PARTAB RAMCHAND | 28 DECEMBER, 2018
In this cricket crazy nation it takes some incredible performances for other sports to get noticed. Cricket, whether the team wins or loses continues to make the headlines but for any other sport to attract attention the team or the individuals associated with it must finish strongly at the Asian Games, Commonwealth Games or more preferably international meets.
If in the last few years badminton has made a big splash it is because PV Sindhu, Saina Nehwal and Kidambi Srikanth have made waves around the BWF circuit, winning a Super Series title or in the case of Sindhu winning a silver medal at the 2016 Olympics. Viswanathan Anand’s exploits have ensured that chess has a large following.
2018 was a watershed year for another sport which till now has had only a minimal following. Table tennis is not going to be the next big thing in Indian sport but one cannot ignore the significant advances it made during the year. Indeed the showing was quite unprecedented particularly the feats at the Asian Games and the Commonwealth Games.
In a sensational finish at the Commonwealth Games the Indian men and women’s teams both picked up the gold medal. Adding cheer to the Indian camp was the fact that Manika Batra won the gold medal in the women’s individual event. She also partnered Mouma Das to win the silver medal in the doubles.
The men added to the glory with Sarath Kamal and G Sathiyan winning the silver in the doubles. Three bronze medals in the men’s doubles, mixed doubles and men’s singles (Sarath Kamal) completed the most successful run in the games for an Indian table tennis squad.
It was too much to expect the Indian squad to repeat this feat at the Asian Games a few months later with the competition being much more formidable. But they performed creditably with the men’s team winning a bronze and Sarath Kamal and Manika Batra picking up a bronze in the mixed doubles.To put the achievement in proper perspective this was for the first time India returned home with an Asian Games medal since table tennis was introduced in 1958.
Sarath Kamal who at 36 remains the country’s best player has had his share of international triumphs. He is currently ranked No 31 in the world and has had many years of playing in the German major league competitions. He has no doubt that things are looking up for table tennis in the country. ``At the start of the year if anyone would have said that we will win one let alone two medals at the Asian Games I would have laughed it off,’’ he says. ``It’s been that kind of year, the best ever for me and the best ever for Indian table tennis.’’
Despite the commendable showing of Sarath Kamal and the others the brightest star who emerged during the year was Manika Batra. She spearheaded the Indian challenge in the women’s team event at the Commonwealth Games. Few gave them a chance in a highly competitive field but the Indians girls pulled off a major upset defeating four time gold medalists and defending champions Singapore in the final.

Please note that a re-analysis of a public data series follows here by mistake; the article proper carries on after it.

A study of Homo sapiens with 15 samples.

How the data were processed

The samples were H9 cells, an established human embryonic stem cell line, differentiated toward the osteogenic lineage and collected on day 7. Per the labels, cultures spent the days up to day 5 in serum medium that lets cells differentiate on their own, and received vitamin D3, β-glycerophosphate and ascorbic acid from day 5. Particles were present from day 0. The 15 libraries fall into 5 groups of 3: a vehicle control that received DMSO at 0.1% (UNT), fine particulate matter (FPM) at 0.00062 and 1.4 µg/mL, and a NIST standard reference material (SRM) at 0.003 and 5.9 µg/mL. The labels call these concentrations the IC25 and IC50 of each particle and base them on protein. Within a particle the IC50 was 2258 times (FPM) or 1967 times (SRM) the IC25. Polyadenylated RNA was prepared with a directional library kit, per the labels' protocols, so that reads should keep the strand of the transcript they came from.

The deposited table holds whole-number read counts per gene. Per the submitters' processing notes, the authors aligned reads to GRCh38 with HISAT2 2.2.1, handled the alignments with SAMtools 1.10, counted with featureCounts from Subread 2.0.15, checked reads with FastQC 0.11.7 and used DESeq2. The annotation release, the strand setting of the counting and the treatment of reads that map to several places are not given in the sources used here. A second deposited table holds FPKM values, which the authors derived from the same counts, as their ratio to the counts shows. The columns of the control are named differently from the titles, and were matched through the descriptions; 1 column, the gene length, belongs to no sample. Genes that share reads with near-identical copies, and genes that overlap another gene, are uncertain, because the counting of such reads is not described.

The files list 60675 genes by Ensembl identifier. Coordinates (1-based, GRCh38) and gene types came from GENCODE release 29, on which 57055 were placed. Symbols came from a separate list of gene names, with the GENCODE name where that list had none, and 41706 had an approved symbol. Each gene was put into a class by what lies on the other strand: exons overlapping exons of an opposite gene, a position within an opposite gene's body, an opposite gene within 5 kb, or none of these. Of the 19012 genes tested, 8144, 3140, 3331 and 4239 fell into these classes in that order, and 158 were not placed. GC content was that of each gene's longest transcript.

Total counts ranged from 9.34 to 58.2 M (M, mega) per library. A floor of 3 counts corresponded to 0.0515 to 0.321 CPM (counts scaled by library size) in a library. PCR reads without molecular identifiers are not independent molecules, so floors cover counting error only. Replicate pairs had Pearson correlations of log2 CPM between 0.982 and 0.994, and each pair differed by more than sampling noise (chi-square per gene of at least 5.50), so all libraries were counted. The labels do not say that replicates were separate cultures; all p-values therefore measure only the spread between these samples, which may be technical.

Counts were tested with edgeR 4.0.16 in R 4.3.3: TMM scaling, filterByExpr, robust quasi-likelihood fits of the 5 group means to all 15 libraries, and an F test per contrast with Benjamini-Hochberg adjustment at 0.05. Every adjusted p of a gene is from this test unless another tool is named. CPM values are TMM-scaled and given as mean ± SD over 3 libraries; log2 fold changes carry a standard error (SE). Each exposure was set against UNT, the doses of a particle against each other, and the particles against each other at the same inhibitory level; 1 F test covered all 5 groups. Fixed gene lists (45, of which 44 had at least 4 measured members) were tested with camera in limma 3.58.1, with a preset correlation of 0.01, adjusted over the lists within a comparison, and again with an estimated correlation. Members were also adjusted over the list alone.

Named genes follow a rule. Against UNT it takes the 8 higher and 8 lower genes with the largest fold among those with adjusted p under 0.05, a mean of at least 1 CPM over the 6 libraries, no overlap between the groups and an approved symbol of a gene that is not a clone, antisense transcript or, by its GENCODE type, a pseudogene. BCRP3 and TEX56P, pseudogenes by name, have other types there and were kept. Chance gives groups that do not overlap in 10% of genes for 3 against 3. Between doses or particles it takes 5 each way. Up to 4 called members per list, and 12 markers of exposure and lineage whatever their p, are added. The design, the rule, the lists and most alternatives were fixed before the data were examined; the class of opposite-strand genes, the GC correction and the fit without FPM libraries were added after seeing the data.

The Singapore women’s team had never lost in the Commonwealth Games since the sport was inducted in the Games in 2002. The highlight of the achievement was Batra defeating world No 4 Feng Tianwei as well as highly ranked Zhou Yihan in India’s 3-1 win in the title clash.
Batra and Mouma Das won India's maiden silver medal in the women's doubles category losing to defending champions Feng Tianwei and Yu Mengyu of Singapore in the title clash. But the crowning glory for Batra came when she became the first Indian woman to bag a Commonwealth table tennis individual gold medal beating Yu Mengyu of Singapore in the final.
The Games turned out to be a dream run for Batra as she won four medals in four events she participated, two of them gold. She also won a bronze in the mixed doubles. And of course in a much tougher field at the Asian Games a few months later she paired with Sharath Kamal to win a bronze in the mixed doubles.
The 23-year-old Batra who hails from the nation’s capital has had her priorities set right from the beginning. After taking up the game at a very early age she turned down modelling offers as a teenager and at 16 she declined a scholarship to train at the Peter Karlsson Academy in Sweden. She studied at college for a year before dropping out to concentrate on table tennis.
It is a move she has never regretted. Currently Batra is ranked 58th in the world but she should be making rapid upward strides in 2019 encouraged by the fact that towards the end of the year international recognition came her way when she became the first Indian table tennis player to win the ``Breakthrough table tennis star’’ award at the ITTF awards function in Incheon.
2019 is going to be a crucial year for the players who hope to compete in several events internationally as they aim for Olympic qualification. With table tennis on the upswing an Olympic medal might not be out of the reckoning.